Report: Ohio Reverses Course on Children's Health Coverage



According to the findings from the Georgetown University Center for Children and Families, the number of Ohio kids without health insurance rose nearly 28% between 2016 and 2018. In 2016, the same researchers reported the lowest number of uninsured children in a decade.

Tracy Najera, executive director of the Children's Defense Fund Ohio, says it's especially concerning to see the increase is happening during a period of economic growth.

"Making sure that all children are covered and getting the care they need is significant," says Najera, "and it's a part of the Ohio that we all want for our children. However, we've seen an erosion in the rates of insurance coverage."

Nationally, the number of uninsured kids increased by 11% between 2016 and 2018. The report found in Ohio, 29,000 more children are uninsured compared to two years ago, even though state leaders adopted Medicaid expansion in 2014.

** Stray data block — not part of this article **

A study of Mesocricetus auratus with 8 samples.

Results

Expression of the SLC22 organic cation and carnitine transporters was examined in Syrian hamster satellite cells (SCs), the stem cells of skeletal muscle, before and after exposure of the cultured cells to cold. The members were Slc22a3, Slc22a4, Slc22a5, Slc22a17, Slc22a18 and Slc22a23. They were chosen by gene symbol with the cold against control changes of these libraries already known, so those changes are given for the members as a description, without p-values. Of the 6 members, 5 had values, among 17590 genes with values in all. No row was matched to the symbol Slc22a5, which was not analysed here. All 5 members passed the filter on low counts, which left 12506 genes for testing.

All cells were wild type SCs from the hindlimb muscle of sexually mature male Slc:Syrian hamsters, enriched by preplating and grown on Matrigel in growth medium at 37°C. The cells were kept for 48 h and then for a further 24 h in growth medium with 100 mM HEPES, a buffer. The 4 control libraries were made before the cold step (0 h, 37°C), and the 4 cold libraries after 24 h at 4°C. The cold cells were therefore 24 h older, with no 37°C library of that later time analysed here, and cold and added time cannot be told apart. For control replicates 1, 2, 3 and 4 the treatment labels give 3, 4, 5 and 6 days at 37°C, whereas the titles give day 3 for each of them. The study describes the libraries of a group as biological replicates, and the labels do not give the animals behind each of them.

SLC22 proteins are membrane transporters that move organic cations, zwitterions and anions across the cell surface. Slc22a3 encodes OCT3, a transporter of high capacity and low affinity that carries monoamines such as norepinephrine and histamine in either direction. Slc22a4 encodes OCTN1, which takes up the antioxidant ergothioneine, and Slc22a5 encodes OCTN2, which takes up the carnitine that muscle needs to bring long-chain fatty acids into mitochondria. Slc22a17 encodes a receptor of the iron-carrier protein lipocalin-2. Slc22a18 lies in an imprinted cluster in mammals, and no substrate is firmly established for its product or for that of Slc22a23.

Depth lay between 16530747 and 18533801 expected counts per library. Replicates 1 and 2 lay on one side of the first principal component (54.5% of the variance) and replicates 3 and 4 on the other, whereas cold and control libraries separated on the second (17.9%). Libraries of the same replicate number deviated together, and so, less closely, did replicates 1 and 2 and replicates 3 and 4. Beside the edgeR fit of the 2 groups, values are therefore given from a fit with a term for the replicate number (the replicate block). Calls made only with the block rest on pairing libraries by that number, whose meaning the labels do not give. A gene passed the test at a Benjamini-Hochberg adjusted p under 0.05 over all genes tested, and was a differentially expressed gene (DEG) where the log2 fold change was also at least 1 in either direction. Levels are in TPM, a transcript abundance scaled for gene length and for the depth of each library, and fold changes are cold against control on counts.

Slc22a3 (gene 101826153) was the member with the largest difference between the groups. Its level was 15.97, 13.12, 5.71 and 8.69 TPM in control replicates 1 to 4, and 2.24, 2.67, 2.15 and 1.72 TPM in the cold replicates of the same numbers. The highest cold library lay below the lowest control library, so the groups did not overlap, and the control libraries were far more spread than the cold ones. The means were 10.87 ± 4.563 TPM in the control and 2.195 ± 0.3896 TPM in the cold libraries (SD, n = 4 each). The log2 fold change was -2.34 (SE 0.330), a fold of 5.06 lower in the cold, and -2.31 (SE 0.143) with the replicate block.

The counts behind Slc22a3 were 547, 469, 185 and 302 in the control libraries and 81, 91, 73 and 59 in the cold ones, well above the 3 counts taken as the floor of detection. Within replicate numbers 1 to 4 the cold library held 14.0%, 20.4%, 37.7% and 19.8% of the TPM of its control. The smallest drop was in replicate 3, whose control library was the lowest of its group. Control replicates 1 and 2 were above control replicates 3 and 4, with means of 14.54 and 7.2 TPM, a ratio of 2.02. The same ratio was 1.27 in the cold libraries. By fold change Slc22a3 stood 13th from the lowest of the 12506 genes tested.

Najera describes a combination of actions and inaction by the Trump administration as making health insurance harder to get and keeping some families from enrolling their children.

"Delays in funding for the Children's Health Insurance Program at the federal level and elimination of the individual mandate penalty," says Najera. "Cuts to enrollment outreach and advertising for enrollment is another issue that we think is contributing to this."

Joan Alker, executive director of the Georgetown Center, points out that across the nation, cycling in and out of health coverage is a problem at any time in a person's life, but it's especially harmful for children.

"Any short period of un-insurance exposes that parent to medical debt," says Alker. "If a kid falls down on the playground, breaks an arm - happens all the time. So, we really need these kids to have continuous health coverage."

Researchers found the loss of coverage was most pronounced for white and Latino children, and they suggest a climate of fear may discourage immigrant families from enrolling eligible children in Medicaid or CHIP.